The primary election on June 5 is more than just state and federal legislators. In case you hadn't noticed (and most of us haven't) there are also judges on the ballot.

Choosing a good melon requires due diligence. You have to inspect the candidates; thump, sniff and weigh them, examine the rinds. Check for bruises and leaks to ensure the fruit hasn't been compromised or corrupted in any way.

But what would happen if you couldn't get up close and personal with the melons?

Well, then you'd have to make your choice based on circumstantial evidence. You could start by checking the labels, which of course were designed and written by those trying to sell you a particular melon in the first place. You could, I suppose, ask the opinion of  some self-described melon experts or others with a background in the melon industry. But could they be trusted -- particularly if they showed some deep and vital interest in your melon selection? Might they not have a hidden melon agenda?

It would be helpful if the melon could say a word or two on its own behalf, unfortunately, that's counter to what we all believe is a very basic law.

So, where would that leave you? Playing the melon lottery.

A little knowledge may be a dangerous thing, but no knowledge at all is even worse. Without some rudimentary facts, figures, information, how can you choose anything -- dog, car, melon, superior court judge.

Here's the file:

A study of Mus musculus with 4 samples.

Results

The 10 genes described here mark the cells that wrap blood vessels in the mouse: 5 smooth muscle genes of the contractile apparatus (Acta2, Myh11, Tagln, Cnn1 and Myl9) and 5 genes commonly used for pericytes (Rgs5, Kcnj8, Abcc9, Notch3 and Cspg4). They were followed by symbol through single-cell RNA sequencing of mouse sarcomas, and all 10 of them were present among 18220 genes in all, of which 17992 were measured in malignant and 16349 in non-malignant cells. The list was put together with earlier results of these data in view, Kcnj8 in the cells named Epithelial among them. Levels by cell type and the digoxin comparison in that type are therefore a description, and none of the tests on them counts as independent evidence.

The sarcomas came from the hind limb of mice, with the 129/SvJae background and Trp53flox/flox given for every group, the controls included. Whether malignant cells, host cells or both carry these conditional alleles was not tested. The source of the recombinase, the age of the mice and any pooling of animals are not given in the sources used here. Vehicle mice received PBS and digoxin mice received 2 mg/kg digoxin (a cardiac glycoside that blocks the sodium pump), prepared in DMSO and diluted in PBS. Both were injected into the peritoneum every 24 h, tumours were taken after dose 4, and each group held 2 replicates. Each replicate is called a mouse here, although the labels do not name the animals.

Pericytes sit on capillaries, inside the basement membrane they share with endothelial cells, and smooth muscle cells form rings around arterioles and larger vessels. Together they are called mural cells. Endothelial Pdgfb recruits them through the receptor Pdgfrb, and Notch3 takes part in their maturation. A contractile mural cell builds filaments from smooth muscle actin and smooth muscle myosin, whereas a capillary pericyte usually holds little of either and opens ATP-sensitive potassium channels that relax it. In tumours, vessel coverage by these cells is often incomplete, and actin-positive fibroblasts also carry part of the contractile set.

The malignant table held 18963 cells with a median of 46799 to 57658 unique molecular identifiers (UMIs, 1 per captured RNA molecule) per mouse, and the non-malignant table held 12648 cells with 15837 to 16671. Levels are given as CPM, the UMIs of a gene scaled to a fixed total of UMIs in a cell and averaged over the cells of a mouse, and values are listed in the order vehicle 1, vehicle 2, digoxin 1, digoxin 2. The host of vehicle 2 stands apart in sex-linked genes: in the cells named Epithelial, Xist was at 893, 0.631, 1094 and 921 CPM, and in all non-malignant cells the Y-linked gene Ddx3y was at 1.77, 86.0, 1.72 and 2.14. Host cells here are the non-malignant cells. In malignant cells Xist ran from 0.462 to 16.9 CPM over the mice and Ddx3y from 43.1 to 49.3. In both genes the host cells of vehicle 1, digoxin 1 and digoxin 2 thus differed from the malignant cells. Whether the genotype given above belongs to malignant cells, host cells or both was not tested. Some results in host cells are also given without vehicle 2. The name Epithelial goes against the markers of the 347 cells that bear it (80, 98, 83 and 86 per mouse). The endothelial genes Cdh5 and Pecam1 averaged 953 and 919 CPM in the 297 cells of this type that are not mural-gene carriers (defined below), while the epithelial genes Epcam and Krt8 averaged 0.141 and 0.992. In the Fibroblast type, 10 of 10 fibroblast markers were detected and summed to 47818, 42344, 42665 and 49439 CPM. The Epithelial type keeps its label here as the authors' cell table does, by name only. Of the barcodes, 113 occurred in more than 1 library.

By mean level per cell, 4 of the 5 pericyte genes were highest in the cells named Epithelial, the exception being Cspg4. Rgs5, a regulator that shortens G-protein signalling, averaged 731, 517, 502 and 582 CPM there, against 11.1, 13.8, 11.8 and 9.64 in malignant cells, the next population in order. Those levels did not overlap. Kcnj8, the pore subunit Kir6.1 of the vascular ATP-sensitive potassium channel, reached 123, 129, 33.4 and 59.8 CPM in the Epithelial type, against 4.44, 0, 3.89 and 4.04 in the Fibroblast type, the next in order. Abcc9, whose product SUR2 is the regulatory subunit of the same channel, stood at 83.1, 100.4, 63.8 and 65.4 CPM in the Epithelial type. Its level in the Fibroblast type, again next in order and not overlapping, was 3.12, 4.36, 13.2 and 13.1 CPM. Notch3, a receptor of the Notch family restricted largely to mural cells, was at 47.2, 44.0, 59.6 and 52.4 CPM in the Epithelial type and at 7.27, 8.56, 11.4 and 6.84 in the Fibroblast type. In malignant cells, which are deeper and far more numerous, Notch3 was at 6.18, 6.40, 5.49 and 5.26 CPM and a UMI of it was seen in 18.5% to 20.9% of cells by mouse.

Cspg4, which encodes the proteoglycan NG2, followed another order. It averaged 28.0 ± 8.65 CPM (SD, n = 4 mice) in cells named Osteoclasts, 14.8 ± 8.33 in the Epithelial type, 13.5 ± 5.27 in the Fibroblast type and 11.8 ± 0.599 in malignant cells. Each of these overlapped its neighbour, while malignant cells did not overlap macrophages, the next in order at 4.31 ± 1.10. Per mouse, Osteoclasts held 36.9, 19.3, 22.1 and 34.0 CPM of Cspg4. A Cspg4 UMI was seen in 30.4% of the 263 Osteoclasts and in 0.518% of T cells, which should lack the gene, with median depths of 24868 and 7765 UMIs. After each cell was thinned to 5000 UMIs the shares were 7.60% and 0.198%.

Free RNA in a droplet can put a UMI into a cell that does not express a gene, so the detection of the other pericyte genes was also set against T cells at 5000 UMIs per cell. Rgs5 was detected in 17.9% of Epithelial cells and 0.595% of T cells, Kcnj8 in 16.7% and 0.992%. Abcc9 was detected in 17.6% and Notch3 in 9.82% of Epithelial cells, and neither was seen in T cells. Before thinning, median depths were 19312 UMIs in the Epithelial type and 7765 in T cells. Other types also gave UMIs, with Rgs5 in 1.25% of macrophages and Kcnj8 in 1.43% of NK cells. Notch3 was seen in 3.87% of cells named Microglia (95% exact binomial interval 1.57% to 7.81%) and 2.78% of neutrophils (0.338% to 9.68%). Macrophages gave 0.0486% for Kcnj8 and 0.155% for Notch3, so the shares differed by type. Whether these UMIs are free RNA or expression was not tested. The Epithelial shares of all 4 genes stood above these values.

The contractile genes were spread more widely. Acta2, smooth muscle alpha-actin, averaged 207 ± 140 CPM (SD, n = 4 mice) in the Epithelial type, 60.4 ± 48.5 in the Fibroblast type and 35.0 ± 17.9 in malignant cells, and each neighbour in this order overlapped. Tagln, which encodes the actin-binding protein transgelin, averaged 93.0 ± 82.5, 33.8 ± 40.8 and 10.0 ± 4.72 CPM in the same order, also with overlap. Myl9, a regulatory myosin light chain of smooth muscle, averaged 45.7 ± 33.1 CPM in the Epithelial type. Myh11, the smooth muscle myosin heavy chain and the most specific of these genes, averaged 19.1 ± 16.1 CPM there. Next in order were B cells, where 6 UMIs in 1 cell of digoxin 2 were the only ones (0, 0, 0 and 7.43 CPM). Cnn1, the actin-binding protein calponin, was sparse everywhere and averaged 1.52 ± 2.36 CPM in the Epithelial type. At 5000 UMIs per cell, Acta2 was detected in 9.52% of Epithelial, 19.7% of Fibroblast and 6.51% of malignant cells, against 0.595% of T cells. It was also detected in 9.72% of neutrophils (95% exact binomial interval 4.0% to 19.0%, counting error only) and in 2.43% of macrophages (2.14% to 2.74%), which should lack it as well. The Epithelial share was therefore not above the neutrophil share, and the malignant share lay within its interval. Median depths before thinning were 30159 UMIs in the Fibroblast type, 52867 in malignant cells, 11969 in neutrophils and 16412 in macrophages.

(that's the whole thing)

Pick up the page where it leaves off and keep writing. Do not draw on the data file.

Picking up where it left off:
Who is Kim Smith, really? Shannon Knight? Craig Gold?

If you don’t know, join the club. When voters hit the booth on June 5, only a small percentage will cast a vote in the LA County Superior judicial elections, and an even smaller percentage will have any idea why they bothered.

Due to the theoretical separation of the three branches of government, everyone has to pretend that judges exist in a bubble, a bubble free of pre-conceived notions and prejudice of any kind.  Which is why the candidates can’t campaign, state a party affiliation, or let us know how they stand on issues such as immigration, gun control, human rights, law enforcement, frivolous lawsuits – you name it. 

It's an odd sort of race, in that we never actually see the contestants run. 

The candidates are allowed a vague written statement regarding their philosophy of law in general. And often these statements are not only elegant but superbly enigmatic.

Election results can be surprising, but only to insiders who know or care who the candidates really are. In 2006, Lynn Olson, who ran a Hermosa Beach bagel shop and had not practiced law for more than 15 years, unseated a veteran judge. Now Olson is the incumbent in next month's election.

It seems, if you're going to vote for a judicial candidate, you have no choice but to base your decision on the endorsement of a third party such as the LA County Bar Association, or a news agency, tea leaves, a blog, or a dartboard.

Oh, I don't know, maybe I'm just irritated because I did a lot of research and ended up none the wiser. Maybe justice should remain an entity or philosophy cloaked in clouds of mystery and tradition -- something pure, august, beyond our reach and comprehension.

On the other hand, I checked on a few of the candidates -- they want you to Like them on Facebook.

Karin Bugge is an Altadena resident and Patch contributer.